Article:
No let up in UKBA spot checks

UKBA spot-checks of people's immigration status will continue at London Tube stations, the immigration minister has confirmed.

Campaigners hoped the initiative, which caused uproar when it started targeting mixed areas of London in the summer, would go the same way as the 'go home' vans and be quietly shelved by the Home Office.

But immigration minister Mark Harper told the BBC's World at One the operations had been a success and would continue.

"Yes, there will be more of them," he said.

"We base these operations on intelligence, so where we have cause to think we are going to be successful in targeting people who have no right to be in the United Kingdom, not based on racial profiling, they're based on intelligence and on the behaviour of individuals.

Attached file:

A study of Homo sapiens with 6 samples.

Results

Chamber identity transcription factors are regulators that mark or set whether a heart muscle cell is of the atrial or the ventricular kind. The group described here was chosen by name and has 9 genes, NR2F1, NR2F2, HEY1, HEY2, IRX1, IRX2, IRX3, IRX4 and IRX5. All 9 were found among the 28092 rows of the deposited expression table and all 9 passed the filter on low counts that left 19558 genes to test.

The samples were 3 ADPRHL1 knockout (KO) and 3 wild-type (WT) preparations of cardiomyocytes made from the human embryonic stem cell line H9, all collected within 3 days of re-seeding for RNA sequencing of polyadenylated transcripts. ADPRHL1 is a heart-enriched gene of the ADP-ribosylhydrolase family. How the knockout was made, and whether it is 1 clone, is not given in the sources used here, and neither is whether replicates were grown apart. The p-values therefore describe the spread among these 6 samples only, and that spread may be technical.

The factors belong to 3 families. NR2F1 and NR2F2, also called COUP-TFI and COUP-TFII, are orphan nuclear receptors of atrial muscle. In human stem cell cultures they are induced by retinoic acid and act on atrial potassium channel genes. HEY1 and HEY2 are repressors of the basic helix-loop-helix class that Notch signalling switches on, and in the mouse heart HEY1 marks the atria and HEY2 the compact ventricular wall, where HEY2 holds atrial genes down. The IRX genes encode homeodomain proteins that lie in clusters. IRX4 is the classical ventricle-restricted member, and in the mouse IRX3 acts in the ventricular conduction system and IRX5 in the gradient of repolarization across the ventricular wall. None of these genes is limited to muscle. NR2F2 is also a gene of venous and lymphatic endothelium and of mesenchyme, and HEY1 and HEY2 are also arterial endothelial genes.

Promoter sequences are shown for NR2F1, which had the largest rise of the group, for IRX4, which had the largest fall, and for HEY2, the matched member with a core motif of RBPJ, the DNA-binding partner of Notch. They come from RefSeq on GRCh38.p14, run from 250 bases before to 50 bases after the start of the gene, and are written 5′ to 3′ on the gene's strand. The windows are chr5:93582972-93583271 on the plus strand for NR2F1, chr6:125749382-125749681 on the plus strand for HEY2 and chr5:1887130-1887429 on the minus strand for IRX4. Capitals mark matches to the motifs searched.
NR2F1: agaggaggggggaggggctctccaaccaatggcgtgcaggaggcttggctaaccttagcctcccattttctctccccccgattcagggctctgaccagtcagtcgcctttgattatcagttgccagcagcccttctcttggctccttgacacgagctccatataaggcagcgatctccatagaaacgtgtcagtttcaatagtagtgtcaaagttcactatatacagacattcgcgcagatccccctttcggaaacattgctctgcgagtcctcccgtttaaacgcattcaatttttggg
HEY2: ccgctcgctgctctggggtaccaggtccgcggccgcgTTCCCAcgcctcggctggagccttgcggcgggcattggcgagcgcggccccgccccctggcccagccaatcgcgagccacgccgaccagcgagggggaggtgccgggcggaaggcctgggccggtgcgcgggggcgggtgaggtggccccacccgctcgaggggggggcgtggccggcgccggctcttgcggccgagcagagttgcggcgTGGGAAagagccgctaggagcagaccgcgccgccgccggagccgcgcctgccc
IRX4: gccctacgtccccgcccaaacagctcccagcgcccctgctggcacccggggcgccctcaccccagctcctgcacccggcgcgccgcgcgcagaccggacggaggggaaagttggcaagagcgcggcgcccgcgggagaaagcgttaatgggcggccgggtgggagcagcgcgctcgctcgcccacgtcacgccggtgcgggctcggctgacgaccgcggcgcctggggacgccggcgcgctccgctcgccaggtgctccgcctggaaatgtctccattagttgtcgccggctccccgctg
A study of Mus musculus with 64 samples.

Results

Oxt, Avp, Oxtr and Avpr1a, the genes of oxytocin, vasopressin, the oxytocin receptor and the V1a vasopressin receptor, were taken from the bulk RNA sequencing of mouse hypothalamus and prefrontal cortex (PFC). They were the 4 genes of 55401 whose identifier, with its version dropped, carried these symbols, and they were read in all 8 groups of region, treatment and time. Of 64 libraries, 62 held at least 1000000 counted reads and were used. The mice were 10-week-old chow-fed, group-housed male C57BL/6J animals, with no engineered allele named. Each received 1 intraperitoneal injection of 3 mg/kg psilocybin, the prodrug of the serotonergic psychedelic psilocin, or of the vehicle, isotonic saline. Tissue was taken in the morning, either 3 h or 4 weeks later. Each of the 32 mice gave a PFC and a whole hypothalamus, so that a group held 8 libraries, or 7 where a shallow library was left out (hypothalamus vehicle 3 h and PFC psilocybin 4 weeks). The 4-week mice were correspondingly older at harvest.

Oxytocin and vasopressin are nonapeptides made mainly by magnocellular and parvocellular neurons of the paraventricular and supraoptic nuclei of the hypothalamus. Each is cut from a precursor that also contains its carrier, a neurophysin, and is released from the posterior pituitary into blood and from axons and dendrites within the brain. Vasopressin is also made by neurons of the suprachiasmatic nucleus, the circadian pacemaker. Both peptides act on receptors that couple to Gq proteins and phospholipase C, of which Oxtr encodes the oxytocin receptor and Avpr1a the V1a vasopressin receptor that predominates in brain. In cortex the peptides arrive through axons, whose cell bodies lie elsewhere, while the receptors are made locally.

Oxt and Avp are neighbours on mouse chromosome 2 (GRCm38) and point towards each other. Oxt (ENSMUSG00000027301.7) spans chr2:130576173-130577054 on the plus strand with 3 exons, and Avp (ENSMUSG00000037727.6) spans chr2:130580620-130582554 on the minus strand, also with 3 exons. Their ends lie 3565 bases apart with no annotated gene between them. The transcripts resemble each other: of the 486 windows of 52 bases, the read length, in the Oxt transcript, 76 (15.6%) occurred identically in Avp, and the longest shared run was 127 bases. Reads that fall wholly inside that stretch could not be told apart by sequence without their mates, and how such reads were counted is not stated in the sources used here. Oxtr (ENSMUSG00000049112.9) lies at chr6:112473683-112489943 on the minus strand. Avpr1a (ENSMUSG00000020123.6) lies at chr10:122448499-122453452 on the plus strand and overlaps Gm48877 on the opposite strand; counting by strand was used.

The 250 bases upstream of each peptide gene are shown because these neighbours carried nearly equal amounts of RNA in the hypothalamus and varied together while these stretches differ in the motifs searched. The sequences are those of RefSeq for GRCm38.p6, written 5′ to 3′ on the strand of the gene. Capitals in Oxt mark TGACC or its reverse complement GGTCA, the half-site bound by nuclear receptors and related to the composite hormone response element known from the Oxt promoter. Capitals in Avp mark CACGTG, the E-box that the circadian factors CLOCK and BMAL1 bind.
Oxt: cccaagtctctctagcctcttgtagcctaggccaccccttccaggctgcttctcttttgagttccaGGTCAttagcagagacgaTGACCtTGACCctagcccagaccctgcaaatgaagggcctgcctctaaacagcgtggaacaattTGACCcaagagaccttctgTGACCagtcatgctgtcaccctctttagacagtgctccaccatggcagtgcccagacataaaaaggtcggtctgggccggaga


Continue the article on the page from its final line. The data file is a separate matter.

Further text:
"We will continue to use them because they're effective in targeting people who have no right to be in the United Kingdom and who we should be removing."

Harper insisted one in three of illegal immigrants halted this summer had been deported

There were 29 stops at Kensal green Tube station, with three arrests. There were 48 stops at Walthamstow, leading to 14 arrests.

Transport police in Stratford made a further arrest.

Of those 18 arrests, six were deported, ten are going through the deportation process, and two claimed asylum

"Would I like to arrest more people as a proportion of those we encounter? Yes I would," Harper said.

The spot checks caused outrage from migrant rights groups and led to accusations of racial profiling, amid reports officers were stopping only non-white people.

They were also condemned by Ukip leader Nigel Farage, who said: "Spot checks and being demanded to show your papers by officialdom are not the British way of doing things."